The New York State Consumer Protection Board (CPB) and the New York City Department of Consumer Affairs (DCA) joined together in submitting a petition to the Public Service Commission (PSC) on Thursday, asking them to establish enforceable rules governing the marketing practices of energy service companies (ESCOs) operating in New York State to protect consumers from aggressive marketing tactics.
“It is disturbing to hear that many consumers are being taken advantage of by the unsavory marketing practices used by some ESCOs,” said Mindy A. Bockstein, Chairperson and Executive Director of the CPB. “I am calling on the PSC to review existing policies and to move forward by establishing new and enforceable marketing rules. The new rules should be accompanied by a range of sanctions, including removing an ESCO’s authorization to do business in New York for repeat offenders. Mandatory compliance will enable the PSC go after the aggressive and unwelcome marketing practices that currently exist and thus will enable us to better protect and empower consumers seeking alternative energy delivery sources.”
For more than a decade, ESCOs have sold electricity and/or natural gas services in competition with regulated utilities. Based on complaints that continue to be received by the CPB and DCA, media reports, information from consumers and the industry, problems exist with abusive, misleading and deceptive marketing tactics used by some ESCOs in their contacts with residential and small business customers.
Accordingly, the consumer representatives are calling upon the PSC to:
Develop and adopt new marketing standards for ESCO’s selling electricity and natural gas services to residential and small commercial consumers;
Require ESCOs and their representatives to clearly identify themselves upon contacting a consumer;
Compel ESCOs to clearly explain that they are not associated with the regulated utility; and,
Give the PSC clearly defined legal authority to sanction ESCOs whose marketing practices are deemed to be detrimental to consumers.
“The Department of Consumer Affairs is pleased to issue this petition alongside the Consumer Protection Board. We must focus the PSC's attention on consumers searching for alternative energy service providers to ensure they're treated fairly,” said DCA Commissioner Jonathan Mintz. “Without more affirmative industry oversight, these aggressive marketing tactics will continue leaving energy-conscious consumers unprotected and without options."
The PSC has worked with ESCOs to develop a “Statement of Principles for Marketing Retail Energy to Residential and Small Businesses in New York State,” but there is no mandate that ESCOs follow those principles. While both the CPB and DCA recognize that there are ESCOs that conduct their marketing activities in an appropriate manner to assure consumer safety, provide accurate and unbiased information, and avoid high-pressure sales tactics, persistent allegations that some ESCOs or their representatives have misrepresented themselves as agents of distribution utilities, have made other false and misleading statements and have engaged in extreme marketing practices continue to surface. Both Agencies have received complaints about ESCOs, ranging from misrepresentation to undisclosed charges, and attempt to either resolve the complaint or refer it directly to the PSC. This type of conduct confuses and harms consumers and also damages the reputation of utilities and reputable ESCOs.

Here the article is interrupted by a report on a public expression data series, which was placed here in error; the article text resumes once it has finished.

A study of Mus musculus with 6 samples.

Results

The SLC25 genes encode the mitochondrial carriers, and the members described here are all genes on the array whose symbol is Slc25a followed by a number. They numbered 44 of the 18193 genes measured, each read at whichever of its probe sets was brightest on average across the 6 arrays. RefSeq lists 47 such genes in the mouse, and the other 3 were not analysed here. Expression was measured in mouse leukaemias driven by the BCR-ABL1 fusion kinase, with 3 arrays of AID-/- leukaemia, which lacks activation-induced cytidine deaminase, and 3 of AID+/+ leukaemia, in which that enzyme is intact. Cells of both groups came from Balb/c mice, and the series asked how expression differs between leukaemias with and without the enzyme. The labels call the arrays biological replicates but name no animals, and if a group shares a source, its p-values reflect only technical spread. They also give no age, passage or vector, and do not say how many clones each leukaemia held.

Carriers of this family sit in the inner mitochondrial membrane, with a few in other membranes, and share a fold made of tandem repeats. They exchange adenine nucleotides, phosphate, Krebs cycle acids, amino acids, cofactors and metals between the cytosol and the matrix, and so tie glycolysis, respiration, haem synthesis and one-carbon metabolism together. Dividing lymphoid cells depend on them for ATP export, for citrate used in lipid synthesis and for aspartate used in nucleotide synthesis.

Consumers who wish to consider obtaining electricity and/or natural gas from a supplier other than their utility, should remember the following tips in order to protect themselves against potential scams:
KNOW TO WHOM YOU ARE TALKING. Representatives from utilities do not conduct door-to-door marketing. Such marketing is conducted only by independent, unregulated companies.
ASK QUESTIONS. Before signing a contract with an ESCO, obtain the full name of the marketing or sales representative as well as the full information about the company he or she represents including the address, phone number and references. Ask for written service and price comparisons.
DO NOT GIVE OUT PERSONAL
INFORMATION. Utilities do not ask for utility account numbers or copies of utility bills because they already have this information. Consumers should not provide the representative with copies of their bills or their account numbers.
READ THE FINE PRINT. Consumers should carefully review all contract terms, including the fine print, prior to signing. Make note of cancellation or early termination fees. Be aware that there is a three-day opt out period for energy contracts with ESCOs.
A full list of tips alerting consumers about door-to-door
energy services marketing along with additional consumer information is
available on the CPB’s website at www.nysconsumer.gov.
The NYS CPB, established in 1970 by the New York State Legislature, is the State's top consumer watchdog and think tank. The CPB's core mission is to protect New Yorkers by publicizing unscrupulous and questionable business practices and product recalls; conducting investigations and hearings; enforcing the Do Not Call law; researching issues; developing legislation; creating consumer education programs and materials; responding to individual marketplace complaints by securing voluntary agreements; and, representing the interests of consumers before the PSC and other State and federal agencies.
DCA enforces the Consumer Protection Law and other
related business laws throughout New York City. Ensuring a vibrant marketplace
where consumers and businesses can benefit, DCA licenses more than 60,000
businesses in 55 different categories. Through targeted outreach, partnerships
with community and trade organizations, and other informational materials, DCA
educates consumers and businesses alike about their rights and responsibilities.
For more information, call 311 or visit DCA online at www.nyc.gov/consumers.